This post was originally written for skirt! magazine’s contributing blogger series and was published at the end of the summer, but I thought I should share it here as well. Enjoy!
When you live in a place like Charleston, where tank tops and beach days last all the way through December, every day can feel like a summer vacation. Somewhere in between the sunscreen and sandcastles, I blinked and suddenly we’re halfway through 2017. This time last year I was cooped up indoors with our new baby. And now here I am this summer with a wild little toddler. Seasons change and life moves along. And as I think about how fast time is moving, I’m reminded that my clock is ticking. Not just the little clock on my Apple watch but my 35 year old maternal clock.
Our journey towards getting pregnant with Liam was long and at times seemed hopeless. My dreams of wanting a big family started to diminish and I instead had begun to settle on: If I could just have one baby that would be fine. When you are trying to get pregnant, everything revolves around timing. You become obsessed over time. Long days which turned into two very long weeks, waiting for a + sign to appear on a stick. And then nothing. And then more waiting two more long weeks to ovulate so you can try it again. And around and around it goes. When something is so dependent on timing, ironically time moves by very slowly.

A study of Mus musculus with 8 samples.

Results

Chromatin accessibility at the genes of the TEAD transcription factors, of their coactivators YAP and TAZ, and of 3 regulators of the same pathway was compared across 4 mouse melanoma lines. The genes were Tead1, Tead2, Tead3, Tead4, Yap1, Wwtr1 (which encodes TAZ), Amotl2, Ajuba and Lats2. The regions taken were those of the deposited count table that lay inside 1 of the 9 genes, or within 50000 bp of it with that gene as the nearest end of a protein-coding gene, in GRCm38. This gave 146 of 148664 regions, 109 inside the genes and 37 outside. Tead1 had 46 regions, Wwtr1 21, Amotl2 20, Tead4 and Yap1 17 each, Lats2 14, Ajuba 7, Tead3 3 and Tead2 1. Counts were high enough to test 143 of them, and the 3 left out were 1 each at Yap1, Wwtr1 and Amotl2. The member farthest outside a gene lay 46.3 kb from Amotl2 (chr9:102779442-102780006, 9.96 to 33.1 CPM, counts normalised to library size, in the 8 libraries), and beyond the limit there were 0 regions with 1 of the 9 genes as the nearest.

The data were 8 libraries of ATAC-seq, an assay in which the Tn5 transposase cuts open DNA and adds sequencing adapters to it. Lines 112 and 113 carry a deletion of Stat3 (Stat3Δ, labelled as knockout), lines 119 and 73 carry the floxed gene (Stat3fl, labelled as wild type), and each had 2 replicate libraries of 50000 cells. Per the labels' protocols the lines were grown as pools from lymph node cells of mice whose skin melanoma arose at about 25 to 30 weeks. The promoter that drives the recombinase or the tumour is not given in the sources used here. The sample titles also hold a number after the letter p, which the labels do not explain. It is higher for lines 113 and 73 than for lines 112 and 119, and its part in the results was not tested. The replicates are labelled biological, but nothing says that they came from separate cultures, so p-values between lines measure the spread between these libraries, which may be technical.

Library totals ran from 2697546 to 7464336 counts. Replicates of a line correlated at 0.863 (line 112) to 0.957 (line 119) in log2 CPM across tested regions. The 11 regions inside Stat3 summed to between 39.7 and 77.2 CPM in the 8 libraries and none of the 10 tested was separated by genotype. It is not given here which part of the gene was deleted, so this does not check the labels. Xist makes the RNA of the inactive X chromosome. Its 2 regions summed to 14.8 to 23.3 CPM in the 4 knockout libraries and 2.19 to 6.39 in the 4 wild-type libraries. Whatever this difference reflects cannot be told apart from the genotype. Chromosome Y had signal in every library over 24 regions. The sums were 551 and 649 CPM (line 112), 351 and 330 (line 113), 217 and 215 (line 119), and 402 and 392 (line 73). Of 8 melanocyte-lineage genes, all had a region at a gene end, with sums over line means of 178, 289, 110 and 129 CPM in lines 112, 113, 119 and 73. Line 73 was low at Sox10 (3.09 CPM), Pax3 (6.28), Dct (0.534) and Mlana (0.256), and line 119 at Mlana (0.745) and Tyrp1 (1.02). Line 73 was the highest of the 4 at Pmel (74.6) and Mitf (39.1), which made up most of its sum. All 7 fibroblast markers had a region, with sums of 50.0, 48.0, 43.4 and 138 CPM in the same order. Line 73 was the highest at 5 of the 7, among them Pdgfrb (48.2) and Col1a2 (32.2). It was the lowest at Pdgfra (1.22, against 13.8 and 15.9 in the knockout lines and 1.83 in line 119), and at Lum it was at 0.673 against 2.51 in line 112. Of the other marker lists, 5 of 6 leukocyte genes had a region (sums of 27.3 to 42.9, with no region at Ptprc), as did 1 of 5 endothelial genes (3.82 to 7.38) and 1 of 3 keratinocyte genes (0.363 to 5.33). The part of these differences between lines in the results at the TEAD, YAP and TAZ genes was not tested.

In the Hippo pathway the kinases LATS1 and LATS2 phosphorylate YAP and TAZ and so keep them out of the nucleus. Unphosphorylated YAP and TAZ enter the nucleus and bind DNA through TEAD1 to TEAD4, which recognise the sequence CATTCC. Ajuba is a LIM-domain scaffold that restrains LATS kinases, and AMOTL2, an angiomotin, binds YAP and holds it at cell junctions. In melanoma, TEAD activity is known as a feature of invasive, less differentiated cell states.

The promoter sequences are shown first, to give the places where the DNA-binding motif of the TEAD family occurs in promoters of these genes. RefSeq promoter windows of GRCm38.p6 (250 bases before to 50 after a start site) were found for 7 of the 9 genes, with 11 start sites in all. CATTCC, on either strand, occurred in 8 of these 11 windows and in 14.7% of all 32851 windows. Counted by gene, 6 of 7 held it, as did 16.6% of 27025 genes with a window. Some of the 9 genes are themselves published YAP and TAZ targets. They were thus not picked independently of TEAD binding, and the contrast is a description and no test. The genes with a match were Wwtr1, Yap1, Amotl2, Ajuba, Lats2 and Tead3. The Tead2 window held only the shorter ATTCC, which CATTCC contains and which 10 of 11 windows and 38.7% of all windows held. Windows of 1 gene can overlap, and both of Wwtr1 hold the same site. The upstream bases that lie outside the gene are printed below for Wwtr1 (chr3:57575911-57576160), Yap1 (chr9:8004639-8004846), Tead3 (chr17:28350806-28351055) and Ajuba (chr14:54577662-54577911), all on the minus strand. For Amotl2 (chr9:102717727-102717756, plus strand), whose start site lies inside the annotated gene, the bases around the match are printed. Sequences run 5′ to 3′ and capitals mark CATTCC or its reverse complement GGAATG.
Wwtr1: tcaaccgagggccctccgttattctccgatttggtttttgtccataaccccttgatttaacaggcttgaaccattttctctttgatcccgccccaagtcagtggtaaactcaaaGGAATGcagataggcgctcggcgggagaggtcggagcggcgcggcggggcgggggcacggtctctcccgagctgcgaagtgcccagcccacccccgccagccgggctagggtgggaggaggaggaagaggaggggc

So here we are again trying for baby No. 2. Trying to get pregnant for the second time seems like the same old song and dance. Some things never change: Ovulation sticks, fertility smoothies and hormone injections. But this time seems so difference. The anxiety, hopelessness, and fear are all gone. Before Liam, we felt like we were just waiting: waiting to be parents and never knowing if we ever would. But now that he is here, a weight has been lifted. Adding another baby would just be the icing on the cake of a beautiful little family that we already have. We beat infertility once, maybe it will happen again. Maybe it won’t. But if this curly haired kid has taught me anything, it’s that there’s not enough time in the day to feel sad, to be anxious, or to feel sorry for yourself. Those days are in the past.